Netanyahu returns to Israel amid legal, political turmoil

Prime Minister Benjamin Netanyahu will find a series of legal and political challenges on his return from Australia and Singapore.

February 27, 2017 06:56
3 minute read.
Israel Australia

Benjamin Netanyahu meeting with Australia's Julie Bishop in February 27. (photo credit: CHAIM ZACH / GPO)



First, he will have to endure attempts by political rivals to tarnish his image as Mr. Security, using State Comptroller Joseph Shapira’s report on Operation Protective Edge.

His rival for leader of the Right, Bayit Yehudi head Naftali Bennett, intends to showcase his own role by pressuring Netanyahu to take action against the threat of terrorist tunnels from the Gaza Strip.

Yesh Atid chairman Yair Lapid also will present himself as a potential prime minister who would not have made the same mistakes as Netanyahu, while Zionist Union intends to file no-confidence motions over the report.

Within the Likud, potential future party leaders are readying themselves in case Netanyahu is harmed politically by the report and criminal investigations that are intensifying.

Netanyahu faces two criminal investigations – Case 1000 and Case 2000. Hebrew media have reported that police are likely to recommend indicting the prime minister in Case 1000, which alleges that he accepted illegal gifts.

Meanwhile, daily leaks about the Netanyahu investigations, presumably from within the police, that flooded Israeli televisions in January have created an atmosphere of the prime minister vs the media and the police.

In January, some Likud MKs accused police investigators of leftist bias, and opposition MKs, last week, shot back over a reported plan by Police Commissioner Insp.- Gen. Roni Alsheich (a Likud appointee) to take larger role in controlling investigations of politicians, by restructuring the elite investigative unit Lahav 433.

Police have already recommended indicting two of Netanyahu’s former chiefs of staff – Gil Sheffer for alleged sexual assault and Ari Harow for alleged conflicts of interest.

Meanwhile, Perach Lerner, former senior adviser to the prime minister, admitted to fraud and breach of trust last week as part of a plea deal with prosecutors.

Right-wing lawyer Harel Arnon, who was supposed to represent the state in defending the Settlements Regulation Bill, also faces a police recommendation to indict over alleged involvement in the Harow case.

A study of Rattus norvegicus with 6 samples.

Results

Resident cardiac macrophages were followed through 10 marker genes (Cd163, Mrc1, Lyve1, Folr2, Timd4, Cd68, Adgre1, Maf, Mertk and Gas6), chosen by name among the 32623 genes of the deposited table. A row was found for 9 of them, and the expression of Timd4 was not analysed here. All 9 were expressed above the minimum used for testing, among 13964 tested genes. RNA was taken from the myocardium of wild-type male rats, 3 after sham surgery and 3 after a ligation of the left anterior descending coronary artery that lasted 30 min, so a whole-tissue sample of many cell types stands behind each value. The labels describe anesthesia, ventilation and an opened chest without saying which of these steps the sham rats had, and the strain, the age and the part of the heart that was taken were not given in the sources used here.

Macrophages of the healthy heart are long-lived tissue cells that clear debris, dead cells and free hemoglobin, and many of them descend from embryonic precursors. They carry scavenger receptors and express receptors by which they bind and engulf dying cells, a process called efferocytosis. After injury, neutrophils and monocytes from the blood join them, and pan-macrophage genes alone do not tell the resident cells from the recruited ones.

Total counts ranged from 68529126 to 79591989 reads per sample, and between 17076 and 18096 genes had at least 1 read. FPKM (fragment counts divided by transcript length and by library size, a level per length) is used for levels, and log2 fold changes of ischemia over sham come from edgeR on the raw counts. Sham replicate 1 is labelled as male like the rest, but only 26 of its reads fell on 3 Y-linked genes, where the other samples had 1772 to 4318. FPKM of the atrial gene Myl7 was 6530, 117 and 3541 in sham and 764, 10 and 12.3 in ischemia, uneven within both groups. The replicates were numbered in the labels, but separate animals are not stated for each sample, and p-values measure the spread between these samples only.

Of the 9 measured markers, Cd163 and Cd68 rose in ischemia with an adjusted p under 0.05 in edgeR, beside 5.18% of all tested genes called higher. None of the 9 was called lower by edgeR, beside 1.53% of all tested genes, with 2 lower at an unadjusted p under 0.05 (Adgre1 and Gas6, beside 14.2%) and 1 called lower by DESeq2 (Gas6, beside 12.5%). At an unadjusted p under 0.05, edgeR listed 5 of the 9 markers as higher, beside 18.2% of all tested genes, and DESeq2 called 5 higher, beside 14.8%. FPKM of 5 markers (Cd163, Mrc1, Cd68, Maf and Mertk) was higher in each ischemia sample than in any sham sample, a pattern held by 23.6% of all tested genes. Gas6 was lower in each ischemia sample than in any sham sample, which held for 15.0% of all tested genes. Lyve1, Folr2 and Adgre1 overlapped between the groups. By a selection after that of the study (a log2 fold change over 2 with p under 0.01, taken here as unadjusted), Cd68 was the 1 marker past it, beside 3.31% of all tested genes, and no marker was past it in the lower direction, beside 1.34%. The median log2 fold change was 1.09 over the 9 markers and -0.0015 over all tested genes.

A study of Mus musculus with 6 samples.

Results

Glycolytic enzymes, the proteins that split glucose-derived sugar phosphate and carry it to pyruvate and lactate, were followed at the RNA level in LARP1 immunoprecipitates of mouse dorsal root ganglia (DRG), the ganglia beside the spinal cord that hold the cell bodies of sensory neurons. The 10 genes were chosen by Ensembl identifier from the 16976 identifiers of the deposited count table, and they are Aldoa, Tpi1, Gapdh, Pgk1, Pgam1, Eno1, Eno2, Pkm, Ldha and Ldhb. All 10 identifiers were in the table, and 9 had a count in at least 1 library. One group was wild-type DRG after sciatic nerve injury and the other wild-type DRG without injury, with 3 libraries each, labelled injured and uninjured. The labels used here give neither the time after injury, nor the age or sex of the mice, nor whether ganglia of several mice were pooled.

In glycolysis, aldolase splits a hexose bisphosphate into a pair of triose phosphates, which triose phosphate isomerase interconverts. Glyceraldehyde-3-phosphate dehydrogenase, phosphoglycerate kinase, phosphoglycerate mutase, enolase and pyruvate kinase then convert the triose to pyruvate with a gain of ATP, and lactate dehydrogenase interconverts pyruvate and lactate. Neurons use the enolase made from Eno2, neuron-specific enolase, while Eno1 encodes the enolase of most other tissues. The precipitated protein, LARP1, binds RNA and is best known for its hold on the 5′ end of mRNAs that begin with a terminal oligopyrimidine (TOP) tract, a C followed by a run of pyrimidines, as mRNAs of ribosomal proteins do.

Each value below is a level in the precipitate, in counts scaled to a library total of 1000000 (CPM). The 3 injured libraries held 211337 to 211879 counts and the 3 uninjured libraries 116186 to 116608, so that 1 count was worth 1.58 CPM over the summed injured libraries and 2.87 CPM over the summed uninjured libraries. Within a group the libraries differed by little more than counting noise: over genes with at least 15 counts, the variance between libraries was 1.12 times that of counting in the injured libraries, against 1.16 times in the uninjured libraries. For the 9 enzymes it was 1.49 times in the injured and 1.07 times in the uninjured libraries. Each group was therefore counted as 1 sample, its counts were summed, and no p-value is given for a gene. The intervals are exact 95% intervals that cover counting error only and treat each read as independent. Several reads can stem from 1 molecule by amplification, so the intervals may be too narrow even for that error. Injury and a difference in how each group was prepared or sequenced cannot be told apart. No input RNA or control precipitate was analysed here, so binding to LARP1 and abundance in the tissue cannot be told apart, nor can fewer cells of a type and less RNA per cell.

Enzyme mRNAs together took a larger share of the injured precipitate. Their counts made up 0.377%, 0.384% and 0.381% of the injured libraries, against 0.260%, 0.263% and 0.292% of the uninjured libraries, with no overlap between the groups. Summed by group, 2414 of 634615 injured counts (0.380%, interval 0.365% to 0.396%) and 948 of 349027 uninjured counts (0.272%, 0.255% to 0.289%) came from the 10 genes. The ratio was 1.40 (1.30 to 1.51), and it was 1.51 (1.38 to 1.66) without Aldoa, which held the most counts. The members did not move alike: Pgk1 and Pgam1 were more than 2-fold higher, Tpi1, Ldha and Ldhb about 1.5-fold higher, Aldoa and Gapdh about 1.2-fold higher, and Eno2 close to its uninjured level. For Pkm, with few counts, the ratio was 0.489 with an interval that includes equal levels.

Finally, Netanyahu’s personal lawyer David Shimron is at the center of a police investigation into Case 3000, which has been dubbed the “Submarine Affair.”

Netanyahu has repeatedly denied any wrongdoing in Case 1000, which is based on allegations that Israeli Hollywood movie mogul Arnon Milchan gave Netanyahu and his wife, Sara, gifts worth hundreds of thousands of shekels, including cigars, champagne and jewelry. The Netanyahus have not denied accepting gifts, but reportedly have said they were given between friends in a manner that does not constitute a breach of trust or bribe.

Australian billionaire James Packer is also involved in the investigation, on suspicion that he gave the premier’s elder son, Yair, lavish gifts, including free hotel rooms and flights, in order to influence his father.

Yair was questioned by the police on the matter on January 17.

Packer, a friend and neighbor of the Netanyahus, was conspicuously absent from the prime minister’s three-day trip to Australia.

Meanwhile, Netanyahu is expected to undergo another police questioning in Case 2000, regarding an alleged attempt by Netanyahu to broker favorable media coverage with Yediot Aharonot publisher Arnon Mozes in exchange for supporting a Knesset bill to weaken competing newspaper Israel Hayom.

According to a report in Haaretz last month, a decision on an indictment over Case 2000 is expected in September.

Then there are cases 3000 and 4000 – the former regarding allegations that Shimron lobbied defense officials on behalf of German shipbuilder ThyssenKrupp for a multi-billion shekel submarine deal. Case 4000 is still under wraps and little is known about it.

In late January, Alsheich told the press that Cases 1000 and 2000 were nearing conclusion, saying: “We already know what conclusions we have reached in the investigation.”

On Sunday, however, a spokeswoman for the police’s Intelligence and Investigation Division said the probes are ongoing.

“We will inform you when a decision is reached,” she said.